You hear a lot of talk in Washington about improving the economy and creating jobs. If that is really the goal, then the transportation bill should pass quickly and it should pass easily. Of course, that’s not happening. By way of reminder, the last time Congress reauthorized transportation spending, which was in 2005, the Conference Report passed the House by a vote of 412-8.
I don’t think anyone would dispute the fact that infrastructure spending creates jobs and a comprehensive transportation network is a benefit to a strong economy. A 2007 Federal Highway Administration study concluded that for every $1.25 billion in federal spending on transportation infrastructure, 35,000 jobs are supported.
There is broad agreement that if the Senate-passed transportation reauthorization bill were put to a vote in the House, it would pass with overwhelming bipartisan support. It passed in the Senate with a vote of 74-22. That’s not because it is a perfect bill, it isn’t. The Senate bill is, however, an acceptable compromise in the current climate. So why not put it up for a vote?
There is really only one reason - a small group of uncompromising extremists in the House Republican Caucus is putting enormous pressure on a majority of Republicans, and that majority won’t stand up to the extremists in their own party and seek reasonable compromise. This type of politics is a recipe for disaster. If Congress cannot deal with what has historically been bipartisan legislation, how can anyone expect action on the more controversial issues that we all know will be coming up in the months ahead?
The gridlock over the transportation bill is emblematic of what I believe is a fundamental question that is playing out in almost everything that Congress debates lately. What kind of role should government play in our society? Should government have a role in health care or education or job creation or transportation? I think the answer is yes and we certainly should have a robust discussion over the way that government can best be involved. I realize that some Members strongly disagree and will not compromise that belief. However, I also know that most are willing to seek common ground if simply given a chance.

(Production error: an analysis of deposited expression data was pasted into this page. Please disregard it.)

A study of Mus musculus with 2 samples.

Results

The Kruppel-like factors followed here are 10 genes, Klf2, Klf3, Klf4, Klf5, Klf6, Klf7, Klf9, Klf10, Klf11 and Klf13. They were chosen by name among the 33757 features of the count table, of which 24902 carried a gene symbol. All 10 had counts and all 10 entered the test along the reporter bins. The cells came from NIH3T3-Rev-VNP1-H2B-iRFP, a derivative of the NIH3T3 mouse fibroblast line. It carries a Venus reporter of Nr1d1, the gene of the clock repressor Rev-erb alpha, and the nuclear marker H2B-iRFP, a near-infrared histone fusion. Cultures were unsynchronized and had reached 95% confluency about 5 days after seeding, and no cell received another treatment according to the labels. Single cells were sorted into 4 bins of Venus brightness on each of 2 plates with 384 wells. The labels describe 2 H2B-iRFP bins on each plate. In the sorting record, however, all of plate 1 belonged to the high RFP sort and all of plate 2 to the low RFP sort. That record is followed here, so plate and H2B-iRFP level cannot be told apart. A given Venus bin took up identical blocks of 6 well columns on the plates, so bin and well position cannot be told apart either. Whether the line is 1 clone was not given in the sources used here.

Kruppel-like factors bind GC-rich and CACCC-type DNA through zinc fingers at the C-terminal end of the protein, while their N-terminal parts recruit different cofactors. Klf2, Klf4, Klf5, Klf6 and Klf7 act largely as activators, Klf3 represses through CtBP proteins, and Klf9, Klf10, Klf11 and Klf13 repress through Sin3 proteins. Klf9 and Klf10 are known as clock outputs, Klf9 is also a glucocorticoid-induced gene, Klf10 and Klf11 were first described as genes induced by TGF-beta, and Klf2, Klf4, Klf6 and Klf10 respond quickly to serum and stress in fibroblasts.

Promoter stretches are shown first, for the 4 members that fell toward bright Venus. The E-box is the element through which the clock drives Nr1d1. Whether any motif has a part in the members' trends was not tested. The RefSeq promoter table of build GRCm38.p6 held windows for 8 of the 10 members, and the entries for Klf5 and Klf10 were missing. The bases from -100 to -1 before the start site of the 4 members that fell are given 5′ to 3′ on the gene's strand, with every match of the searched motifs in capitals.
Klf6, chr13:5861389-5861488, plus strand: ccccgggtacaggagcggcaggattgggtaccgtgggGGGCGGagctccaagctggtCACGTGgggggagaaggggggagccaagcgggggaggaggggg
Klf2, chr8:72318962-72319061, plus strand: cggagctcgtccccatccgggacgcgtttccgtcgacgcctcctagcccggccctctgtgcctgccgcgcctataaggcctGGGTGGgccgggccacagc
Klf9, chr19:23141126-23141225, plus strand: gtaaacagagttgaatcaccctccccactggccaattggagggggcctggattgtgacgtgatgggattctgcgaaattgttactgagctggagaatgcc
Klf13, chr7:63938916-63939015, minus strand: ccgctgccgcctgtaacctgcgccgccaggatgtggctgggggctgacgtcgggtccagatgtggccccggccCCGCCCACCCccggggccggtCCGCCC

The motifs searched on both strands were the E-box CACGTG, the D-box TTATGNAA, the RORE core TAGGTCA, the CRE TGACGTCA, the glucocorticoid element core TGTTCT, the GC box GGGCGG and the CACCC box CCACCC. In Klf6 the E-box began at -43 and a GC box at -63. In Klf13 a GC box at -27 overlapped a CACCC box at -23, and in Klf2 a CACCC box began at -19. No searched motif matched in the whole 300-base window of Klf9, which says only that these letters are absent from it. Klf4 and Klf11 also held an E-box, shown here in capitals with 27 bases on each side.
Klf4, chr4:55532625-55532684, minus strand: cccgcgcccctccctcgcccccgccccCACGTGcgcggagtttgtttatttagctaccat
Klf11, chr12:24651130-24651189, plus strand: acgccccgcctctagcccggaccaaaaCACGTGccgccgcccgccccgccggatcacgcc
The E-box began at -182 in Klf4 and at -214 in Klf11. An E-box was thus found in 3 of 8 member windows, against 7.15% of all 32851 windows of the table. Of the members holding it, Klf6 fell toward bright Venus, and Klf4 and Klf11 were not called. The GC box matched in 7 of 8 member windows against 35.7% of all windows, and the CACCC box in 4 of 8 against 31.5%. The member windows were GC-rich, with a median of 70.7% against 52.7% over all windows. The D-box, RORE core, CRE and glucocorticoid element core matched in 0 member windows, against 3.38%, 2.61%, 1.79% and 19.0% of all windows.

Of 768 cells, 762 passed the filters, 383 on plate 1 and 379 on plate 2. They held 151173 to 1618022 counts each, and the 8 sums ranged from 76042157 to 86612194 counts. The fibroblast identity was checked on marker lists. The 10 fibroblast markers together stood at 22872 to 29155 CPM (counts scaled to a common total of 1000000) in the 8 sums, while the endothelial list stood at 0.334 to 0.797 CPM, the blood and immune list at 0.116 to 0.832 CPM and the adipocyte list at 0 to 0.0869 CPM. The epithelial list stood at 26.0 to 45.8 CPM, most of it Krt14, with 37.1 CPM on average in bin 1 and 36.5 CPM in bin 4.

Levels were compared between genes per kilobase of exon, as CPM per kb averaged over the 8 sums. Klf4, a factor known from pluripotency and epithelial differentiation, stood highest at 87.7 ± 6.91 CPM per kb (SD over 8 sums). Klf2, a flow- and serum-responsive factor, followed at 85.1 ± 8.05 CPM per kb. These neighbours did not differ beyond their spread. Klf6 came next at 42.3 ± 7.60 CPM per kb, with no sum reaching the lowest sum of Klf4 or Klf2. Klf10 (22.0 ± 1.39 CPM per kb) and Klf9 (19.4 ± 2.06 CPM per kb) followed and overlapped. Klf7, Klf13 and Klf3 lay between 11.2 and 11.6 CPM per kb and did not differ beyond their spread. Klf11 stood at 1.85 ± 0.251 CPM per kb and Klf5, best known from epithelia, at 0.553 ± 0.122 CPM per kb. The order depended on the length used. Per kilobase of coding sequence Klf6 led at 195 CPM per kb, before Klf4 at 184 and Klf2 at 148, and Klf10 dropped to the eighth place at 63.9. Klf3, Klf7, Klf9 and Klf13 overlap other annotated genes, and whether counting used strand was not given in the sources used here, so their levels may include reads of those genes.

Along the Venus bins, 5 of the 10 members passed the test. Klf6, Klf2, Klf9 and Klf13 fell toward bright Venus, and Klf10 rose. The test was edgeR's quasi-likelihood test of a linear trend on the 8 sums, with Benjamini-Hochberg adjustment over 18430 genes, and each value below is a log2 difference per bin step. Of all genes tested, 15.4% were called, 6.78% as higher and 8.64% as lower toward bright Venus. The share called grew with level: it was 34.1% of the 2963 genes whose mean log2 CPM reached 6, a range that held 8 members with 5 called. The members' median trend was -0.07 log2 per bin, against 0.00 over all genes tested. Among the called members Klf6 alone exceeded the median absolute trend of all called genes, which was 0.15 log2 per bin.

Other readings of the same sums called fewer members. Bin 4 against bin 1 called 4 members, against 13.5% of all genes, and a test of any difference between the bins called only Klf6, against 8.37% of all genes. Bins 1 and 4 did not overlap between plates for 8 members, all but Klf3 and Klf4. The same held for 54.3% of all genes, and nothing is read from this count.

Our nation’s infrastructure is crumbling. Many public transit agencies, including in Massachusetts, are struggling to close budget gaps while at the same time trying to maintain basic services. Many expansion projects face an uncertain future because states don’t know how much federal money will be available. A robust public transportation network and upgraded infrastructure have a measurable impact on the economy. People will get to their jobs more easily and goods will move more quickly. There’s also an added environmental benefit to improved public transit options and upgraded infrastructure.
Reauthorizing the transportation bill should be one of the easiest tasks facing this Congress. It creates jobs and improves the economy. But the path to the President’s desk is uncertain. It doesn’t have to be this hard. Legislating is about compromise and it’s long past time to resolve the impasse over the transportation bill.
Rep. Capuano (D-Mass. is a member of the House Committee on Transportation and Infrastructure.